Classification

We can’t really help ourselves from doing it. Indeed, it is probably a sign of intelligence. Man works at understanding by grouping and classifying. With people, we usually start with color, ethnicity, religion and work our way through a litany of things that necessarily work for us such as birth signs, hair color, height or town of origin. It is fundamental to our way of thinking and clearly helps us to interact when we find traits that are held in common.

Carl Linnaeus (1707-1783), the Swedish scientist and doctor, was the first botanist to use binomial nomenclature to describe a plant figuring that it was simpler and more effective than one name or, more likely, ten. This name would be the final classification of a hierarchy of names that included the Kingdom, Class, Order, Genera and Species. Furthermore, he realized that the sex organs of a plant were pivotal in creating a classification. He revolutionized the system of taxonomy, or the naming of things, making it far easier for scientists to communicate.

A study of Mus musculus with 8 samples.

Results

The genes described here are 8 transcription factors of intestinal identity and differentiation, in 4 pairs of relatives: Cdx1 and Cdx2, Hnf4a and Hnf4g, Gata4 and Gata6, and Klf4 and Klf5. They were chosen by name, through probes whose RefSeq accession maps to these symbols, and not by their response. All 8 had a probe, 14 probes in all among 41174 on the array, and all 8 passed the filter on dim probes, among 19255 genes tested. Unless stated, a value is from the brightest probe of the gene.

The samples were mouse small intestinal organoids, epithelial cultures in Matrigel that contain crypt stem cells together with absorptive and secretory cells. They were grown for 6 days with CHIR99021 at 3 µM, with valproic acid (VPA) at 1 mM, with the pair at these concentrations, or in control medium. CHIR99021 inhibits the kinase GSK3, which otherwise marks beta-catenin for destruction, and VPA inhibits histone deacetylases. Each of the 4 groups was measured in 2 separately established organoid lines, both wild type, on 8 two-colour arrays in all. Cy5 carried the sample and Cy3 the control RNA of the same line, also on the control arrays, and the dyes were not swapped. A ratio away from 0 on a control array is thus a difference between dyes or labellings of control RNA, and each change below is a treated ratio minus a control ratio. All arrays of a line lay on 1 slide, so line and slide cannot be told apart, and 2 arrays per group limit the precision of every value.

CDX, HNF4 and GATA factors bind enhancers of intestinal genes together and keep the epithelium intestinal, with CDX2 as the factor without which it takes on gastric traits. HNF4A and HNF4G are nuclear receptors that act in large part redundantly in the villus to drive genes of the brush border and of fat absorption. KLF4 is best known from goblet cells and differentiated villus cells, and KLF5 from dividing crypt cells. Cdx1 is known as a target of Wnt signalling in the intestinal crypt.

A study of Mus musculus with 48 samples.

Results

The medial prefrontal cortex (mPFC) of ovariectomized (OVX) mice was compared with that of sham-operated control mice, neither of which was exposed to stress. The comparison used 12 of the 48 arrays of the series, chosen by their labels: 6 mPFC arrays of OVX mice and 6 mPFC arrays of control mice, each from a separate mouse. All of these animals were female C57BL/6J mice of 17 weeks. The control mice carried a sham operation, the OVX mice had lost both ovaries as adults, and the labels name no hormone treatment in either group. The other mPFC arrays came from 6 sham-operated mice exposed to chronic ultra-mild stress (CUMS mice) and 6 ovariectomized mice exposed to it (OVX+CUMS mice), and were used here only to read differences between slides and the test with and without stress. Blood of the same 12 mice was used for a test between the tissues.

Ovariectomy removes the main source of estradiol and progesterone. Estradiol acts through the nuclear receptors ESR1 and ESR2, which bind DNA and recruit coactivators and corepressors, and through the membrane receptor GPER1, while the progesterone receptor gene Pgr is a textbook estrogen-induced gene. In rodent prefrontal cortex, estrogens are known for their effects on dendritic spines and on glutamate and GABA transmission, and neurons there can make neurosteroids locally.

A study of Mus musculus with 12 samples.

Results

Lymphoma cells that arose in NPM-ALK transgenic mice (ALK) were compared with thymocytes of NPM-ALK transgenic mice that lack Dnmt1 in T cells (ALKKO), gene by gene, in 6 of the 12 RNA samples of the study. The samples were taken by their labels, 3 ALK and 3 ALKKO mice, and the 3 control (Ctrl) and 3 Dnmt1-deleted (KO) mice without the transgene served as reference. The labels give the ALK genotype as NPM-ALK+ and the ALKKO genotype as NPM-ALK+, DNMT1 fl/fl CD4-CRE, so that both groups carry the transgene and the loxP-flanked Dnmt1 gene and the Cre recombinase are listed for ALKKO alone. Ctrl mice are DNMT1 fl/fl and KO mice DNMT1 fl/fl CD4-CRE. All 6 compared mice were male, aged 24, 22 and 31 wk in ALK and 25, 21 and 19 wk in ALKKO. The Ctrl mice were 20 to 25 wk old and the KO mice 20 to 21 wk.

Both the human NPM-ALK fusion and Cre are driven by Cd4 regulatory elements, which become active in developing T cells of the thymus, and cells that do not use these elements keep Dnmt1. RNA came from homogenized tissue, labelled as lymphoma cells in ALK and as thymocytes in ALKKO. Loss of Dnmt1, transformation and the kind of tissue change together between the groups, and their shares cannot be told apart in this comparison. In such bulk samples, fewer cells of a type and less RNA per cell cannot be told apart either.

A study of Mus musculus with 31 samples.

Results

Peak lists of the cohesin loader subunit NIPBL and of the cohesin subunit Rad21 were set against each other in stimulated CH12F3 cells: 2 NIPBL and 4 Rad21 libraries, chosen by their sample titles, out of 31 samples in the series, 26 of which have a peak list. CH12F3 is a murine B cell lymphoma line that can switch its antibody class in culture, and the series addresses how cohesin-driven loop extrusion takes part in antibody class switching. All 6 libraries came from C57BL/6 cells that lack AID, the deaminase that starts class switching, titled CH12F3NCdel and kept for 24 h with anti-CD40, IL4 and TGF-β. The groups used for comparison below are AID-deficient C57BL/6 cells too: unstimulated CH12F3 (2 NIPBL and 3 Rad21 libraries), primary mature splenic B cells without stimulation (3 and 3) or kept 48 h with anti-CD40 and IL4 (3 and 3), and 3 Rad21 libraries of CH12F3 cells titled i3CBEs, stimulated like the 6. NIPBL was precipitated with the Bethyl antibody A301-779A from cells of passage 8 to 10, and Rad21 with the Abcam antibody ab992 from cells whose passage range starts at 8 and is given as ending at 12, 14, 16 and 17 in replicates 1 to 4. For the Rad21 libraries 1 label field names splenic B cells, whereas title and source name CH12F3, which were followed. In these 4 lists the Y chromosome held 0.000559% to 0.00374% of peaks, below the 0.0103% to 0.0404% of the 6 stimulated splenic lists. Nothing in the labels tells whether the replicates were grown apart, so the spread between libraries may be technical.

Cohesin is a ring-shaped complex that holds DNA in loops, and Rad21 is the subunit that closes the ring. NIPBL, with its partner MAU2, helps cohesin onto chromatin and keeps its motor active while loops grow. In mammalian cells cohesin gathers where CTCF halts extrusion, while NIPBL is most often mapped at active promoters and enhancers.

In the furniture world, classification is far more subjective than we would like to believe. Part of the problem lies with the fact that the making of something is an individualistic human endeavor outside the realm of nature. Quality has levels, but some levels might seem far too subtle to mention because of a general inconsistency even among the very top makers. It would be, instead of a quality distinction, a question of modus operandi. Such anomalies might even stump Linnaeus in classifying English antique furniture.

The negative aspect of classification arises in stereotyping which is inherent in all human classification. The moment we say, for example, that all English people have ruddy cheeks, we are eliminating all those English people that do not have ruddy cheeks. Indeed, this very simple logic is one good reason why the framers of the Constitution in this country chose America to be a secular state–there was no choice of whose God it was that America would be aligned with. The framers, even though most of them knew of Linnaeus, knew that there were some things that could not be classified.